PLANS to resurrect a seafront hotel venture have been met by opposition from neighbours.
Judith Lennox, from Ashbrooke, in Sunderland, has bought 3 to 5 Tempest Road, in Seaham, with a view to boost proposals to create accommodation, as East Durham is marketed as a tourist destination.
In addition to offering food and drink to guests, Ms Lennox has applied for permission to host a variety of events at North Pier Lodge.
They include Punch and Judy shows, plays and film screenings, celebrations including Burns Night, tea dances, hosting community groups, sports including trampolining and live music.
However, the Echo understands the reason the licence application to Durham County Council covers such a wide range of activities and entertainment, is so the venue could potentially hold them without the need for further proposals, rather than having any immediate plans for them to take place.
References to the general public are believed to refer to people visiting guests, rather than the venue being open to customers coming in off the street for drink or food.
Ms Lennox, who states she has worked with vulnerable people and councils, has put together an extensive list of measures to reduce the risk of and deal with nuisance behaviour.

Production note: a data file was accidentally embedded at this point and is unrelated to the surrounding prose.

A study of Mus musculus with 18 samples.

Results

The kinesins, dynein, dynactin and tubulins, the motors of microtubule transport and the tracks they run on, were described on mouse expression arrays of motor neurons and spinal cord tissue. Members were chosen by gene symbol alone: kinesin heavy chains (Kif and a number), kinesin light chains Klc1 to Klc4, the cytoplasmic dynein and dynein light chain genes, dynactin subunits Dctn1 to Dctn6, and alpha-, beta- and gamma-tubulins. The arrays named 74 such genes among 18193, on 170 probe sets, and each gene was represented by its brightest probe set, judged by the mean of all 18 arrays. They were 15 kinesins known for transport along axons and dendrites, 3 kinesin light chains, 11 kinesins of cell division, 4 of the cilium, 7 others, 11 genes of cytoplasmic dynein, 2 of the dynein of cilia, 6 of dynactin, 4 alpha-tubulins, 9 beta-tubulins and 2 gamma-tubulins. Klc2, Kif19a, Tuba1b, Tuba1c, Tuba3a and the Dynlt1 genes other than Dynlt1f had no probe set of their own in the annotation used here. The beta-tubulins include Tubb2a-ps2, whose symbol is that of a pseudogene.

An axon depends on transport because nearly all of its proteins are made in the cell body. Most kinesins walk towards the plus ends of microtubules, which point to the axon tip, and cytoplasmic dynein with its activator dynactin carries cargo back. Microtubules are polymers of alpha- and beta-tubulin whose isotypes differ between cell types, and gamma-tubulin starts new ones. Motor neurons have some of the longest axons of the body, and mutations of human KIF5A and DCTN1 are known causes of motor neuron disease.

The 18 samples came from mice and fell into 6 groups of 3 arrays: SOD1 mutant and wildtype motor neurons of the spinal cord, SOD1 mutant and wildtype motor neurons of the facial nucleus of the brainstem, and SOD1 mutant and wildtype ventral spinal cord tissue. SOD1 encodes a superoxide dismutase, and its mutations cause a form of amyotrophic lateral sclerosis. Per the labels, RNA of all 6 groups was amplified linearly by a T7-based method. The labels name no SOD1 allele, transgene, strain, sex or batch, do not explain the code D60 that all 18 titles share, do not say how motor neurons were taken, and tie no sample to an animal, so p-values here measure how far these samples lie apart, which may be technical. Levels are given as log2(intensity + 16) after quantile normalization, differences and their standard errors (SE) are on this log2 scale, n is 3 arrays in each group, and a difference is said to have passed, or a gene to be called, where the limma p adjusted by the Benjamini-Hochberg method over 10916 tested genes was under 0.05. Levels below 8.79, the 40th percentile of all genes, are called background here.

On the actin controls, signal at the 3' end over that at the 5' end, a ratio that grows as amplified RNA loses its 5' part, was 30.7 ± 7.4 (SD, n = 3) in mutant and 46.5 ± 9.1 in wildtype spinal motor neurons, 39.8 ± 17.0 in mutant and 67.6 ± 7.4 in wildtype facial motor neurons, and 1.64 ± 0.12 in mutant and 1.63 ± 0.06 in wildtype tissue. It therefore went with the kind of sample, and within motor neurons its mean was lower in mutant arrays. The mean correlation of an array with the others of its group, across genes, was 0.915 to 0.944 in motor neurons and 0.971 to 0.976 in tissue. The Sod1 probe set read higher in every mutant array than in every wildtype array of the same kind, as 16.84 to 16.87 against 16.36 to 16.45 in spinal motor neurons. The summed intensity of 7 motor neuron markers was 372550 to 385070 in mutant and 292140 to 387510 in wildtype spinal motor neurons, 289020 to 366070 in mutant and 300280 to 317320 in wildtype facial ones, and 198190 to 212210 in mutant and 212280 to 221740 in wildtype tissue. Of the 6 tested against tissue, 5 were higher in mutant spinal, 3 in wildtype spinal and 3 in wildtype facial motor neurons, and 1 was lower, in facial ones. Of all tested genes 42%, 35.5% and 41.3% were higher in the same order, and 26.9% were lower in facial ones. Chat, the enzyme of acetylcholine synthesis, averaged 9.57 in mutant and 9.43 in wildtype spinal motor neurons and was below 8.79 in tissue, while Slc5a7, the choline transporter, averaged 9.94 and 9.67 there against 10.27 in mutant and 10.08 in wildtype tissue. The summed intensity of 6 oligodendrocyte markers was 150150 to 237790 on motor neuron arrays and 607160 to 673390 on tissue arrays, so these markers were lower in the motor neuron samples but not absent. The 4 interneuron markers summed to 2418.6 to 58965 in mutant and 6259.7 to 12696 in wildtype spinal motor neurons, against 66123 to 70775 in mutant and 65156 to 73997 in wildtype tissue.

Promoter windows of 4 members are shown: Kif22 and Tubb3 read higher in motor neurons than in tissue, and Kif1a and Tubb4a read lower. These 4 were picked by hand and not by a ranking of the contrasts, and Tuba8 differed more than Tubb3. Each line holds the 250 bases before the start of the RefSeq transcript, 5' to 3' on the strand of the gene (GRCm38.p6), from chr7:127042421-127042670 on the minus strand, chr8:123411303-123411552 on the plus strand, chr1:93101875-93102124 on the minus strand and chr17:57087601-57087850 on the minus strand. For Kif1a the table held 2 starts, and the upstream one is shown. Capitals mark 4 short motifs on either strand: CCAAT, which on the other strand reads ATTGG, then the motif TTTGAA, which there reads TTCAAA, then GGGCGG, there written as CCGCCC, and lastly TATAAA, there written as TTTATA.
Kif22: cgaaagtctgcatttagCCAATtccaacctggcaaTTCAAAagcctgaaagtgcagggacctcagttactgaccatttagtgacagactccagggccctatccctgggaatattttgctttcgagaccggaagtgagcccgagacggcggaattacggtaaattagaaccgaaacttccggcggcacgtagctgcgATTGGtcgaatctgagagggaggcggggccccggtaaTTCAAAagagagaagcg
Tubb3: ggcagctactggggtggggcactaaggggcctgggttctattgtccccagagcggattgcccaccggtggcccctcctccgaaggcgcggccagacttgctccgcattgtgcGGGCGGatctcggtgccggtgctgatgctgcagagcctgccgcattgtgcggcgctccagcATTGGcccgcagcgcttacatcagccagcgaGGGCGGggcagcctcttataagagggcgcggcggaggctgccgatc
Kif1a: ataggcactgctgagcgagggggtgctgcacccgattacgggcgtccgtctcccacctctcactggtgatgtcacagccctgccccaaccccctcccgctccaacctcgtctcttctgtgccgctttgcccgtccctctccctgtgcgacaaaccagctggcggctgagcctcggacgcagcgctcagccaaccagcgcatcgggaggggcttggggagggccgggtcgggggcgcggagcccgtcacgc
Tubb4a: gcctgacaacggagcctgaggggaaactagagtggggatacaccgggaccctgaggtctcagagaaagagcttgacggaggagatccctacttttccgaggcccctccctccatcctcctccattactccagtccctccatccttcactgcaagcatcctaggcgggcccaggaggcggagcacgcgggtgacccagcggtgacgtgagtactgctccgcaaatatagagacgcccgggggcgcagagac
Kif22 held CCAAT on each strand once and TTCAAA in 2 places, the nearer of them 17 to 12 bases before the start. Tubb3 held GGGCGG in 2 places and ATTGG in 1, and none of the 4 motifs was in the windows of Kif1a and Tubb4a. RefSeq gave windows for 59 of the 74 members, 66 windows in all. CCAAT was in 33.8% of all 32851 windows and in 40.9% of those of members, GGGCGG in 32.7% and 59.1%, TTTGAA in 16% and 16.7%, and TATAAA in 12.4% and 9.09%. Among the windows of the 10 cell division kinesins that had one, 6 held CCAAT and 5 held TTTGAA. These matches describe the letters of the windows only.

These include the installation of CCTV, a Challenge 25 policy, refusing drink to anyone who has had enough, employing door staff, ensuring all staff are CRB checked and working with the police and council.
Neighbours of the venue, which was previously run for a short time as a hotel, have said granting permission for the activities would impact on their families and out of character in a residential area.
County councillors Dan Myers, who lives in nearby North Terrace, and Bob Arthur have objected.
Coun Arthur said he was against the proposals on the grounds of public nuisance and public safety.
He added: “The premises originally were three-storey townhouses for many years and are surrounded by similar structures.”
He said the proposals would be detrimental to the neighbourhood and the property is also situated on a busy road and a junction.
Coun Myers raises similar concerns and said the licence would “fundamentally alter the character of the area” with noise and parking issues causing a disruption to neighbours and affecting traffic in the area.
The town council also believes it could lead to antisocial behaviour, congestion and increase in noise.
The application will go before the county council’s statutory licensing sub-committee at 10am on Friday, April 13, at the civic offices in Chester-le-Street.